October 2, 2017 by Greg Meckbach
With Hurricanes Maria, Irma and Harvey causing devastation in Puerto Rico, Florida and Texas respectively over the course of three weeks, catastrophe losses in 2017 “will constitute a capital event” for some insurance and reinsurance carriers, Fitch Ratings Inc. has warned.
Ten days after Hurricane Irma made two separate landfalls in Florida, Hurricane Maria made landfall Sept. 20 in Puerto Rico. The Associated Press reported earlier that Hurricane Maria caused at least 50 cm of rain in some places in Puerto Rico, while Verisk Analytics Inc.’s AIR Worldwide unit reported earlier that a storm surge of six to nine feet was another effect in Puerto Rico.
“Given the magnitude of the Maria-estimated losses, we now believe that 2017 catastrophe losses will constitute a capital event for a number of (re)insurance companies, as opposed to just an earnings event,” Fitch said Sept. 26. “However, the industry’s very strong capital levels going into this year greatly limit any risks to solvency.”
Catastrophe losses for the global insurance and reinsurance sectors “will exceed” US$100 billion “and could reach close to” US$190 billion on a pre-tax basis, Fitch Ratings said Sept. 26 in a release.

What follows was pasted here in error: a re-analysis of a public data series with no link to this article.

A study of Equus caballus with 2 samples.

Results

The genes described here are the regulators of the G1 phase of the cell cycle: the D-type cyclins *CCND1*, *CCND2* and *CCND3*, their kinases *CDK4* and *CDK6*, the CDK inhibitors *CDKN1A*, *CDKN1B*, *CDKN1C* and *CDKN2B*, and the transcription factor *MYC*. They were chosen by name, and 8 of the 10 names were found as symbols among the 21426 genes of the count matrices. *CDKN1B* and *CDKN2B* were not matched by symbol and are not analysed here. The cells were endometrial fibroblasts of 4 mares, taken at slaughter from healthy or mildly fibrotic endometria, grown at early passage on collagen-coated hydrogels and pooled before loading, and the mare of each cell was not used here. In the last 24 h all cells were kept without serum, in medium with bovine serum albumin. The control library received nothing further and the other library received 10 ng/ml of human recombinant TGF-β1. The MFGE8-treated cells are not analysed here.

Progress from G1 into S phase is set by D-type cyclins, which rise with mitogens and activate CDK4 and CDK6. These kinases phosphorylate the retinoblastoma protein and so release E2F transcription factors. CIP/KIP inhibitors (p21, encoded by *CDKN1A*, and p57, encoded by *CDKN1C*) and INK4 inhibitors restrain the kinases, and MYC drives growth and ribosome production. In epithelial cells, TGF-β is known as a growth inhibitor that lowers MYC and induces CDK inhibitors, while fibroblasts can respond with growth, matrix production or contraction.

On Sept. 12, Fitch said the combined high end of estimated losses from both Hurricanes Irma and Harvey is US$85 billion.
Hurricane Harvey made landfall Aug. 25 as a Category 4 storm, with winds of 215 km/h, near Rockport, Texas, Aon plc’s Impact Forecasting unit reported earlier. Harvey caused major floods in Houston. Insured losses were likely to exceed US$10 billion, Impact Forecasting estimated earlier.
Hurricane Irma’s effects included severe flooding in Miami and Jacksonville while Hurricane Harvey’s effects included severe flooding in Houston.
Two days before Hurricane Maria made landfall on Puerto Rico, A.M. Best Company Inc. warned that the storm “could severely test the financial strength of some of the insurers with concentrations of property risk in the Caribbean.”
Fitch Ratings analysts “believe there is heightened risk that combined loss concentrations to these events for several (re)insurers will result in a capital decline for full-year 2017,” the ratings firm said Sept. 26. “In some cases, this could result in ratings downgrades if not addressed through capital raises or other mitigating actions.”
In a 2016 report – Natural Catastrophes and Man-made Disasters in 2015 – Swiss Re noted that 2015 was the 10th year in row that no major hurricane made U.S. landfall, the longest stretch since the 1860s. In that paper, Swiss Re reported that 14 North Atlantic hurricanes made the list of top 40 most expensive insurance losses from 1970 through 2015.
Hurricane Katrina ranked first with nearly US$80 billion in insured losses. Katrina hit New Orleans in 2005 and those losses were adjusted for inflation to 2015 dollars.
Sandy, Andrew and Ike – which hit the region in 2012, 1992 and 2008 respectively – had insured losses of $36.1 billion, $27 billion and $22.3 billion respectively, also adjusted to inflation to 2015.
Other North Atlantic hurricanes on the Swiss Re’s top 40 list, as of the end of 2015, included Wilma (2005), Rita (2005), Charley (2004), Hugo (1989), Frances (2004), Irene (2011), Georges (1998), Jeanne (2004), Floyd (1999) and Opal (1995).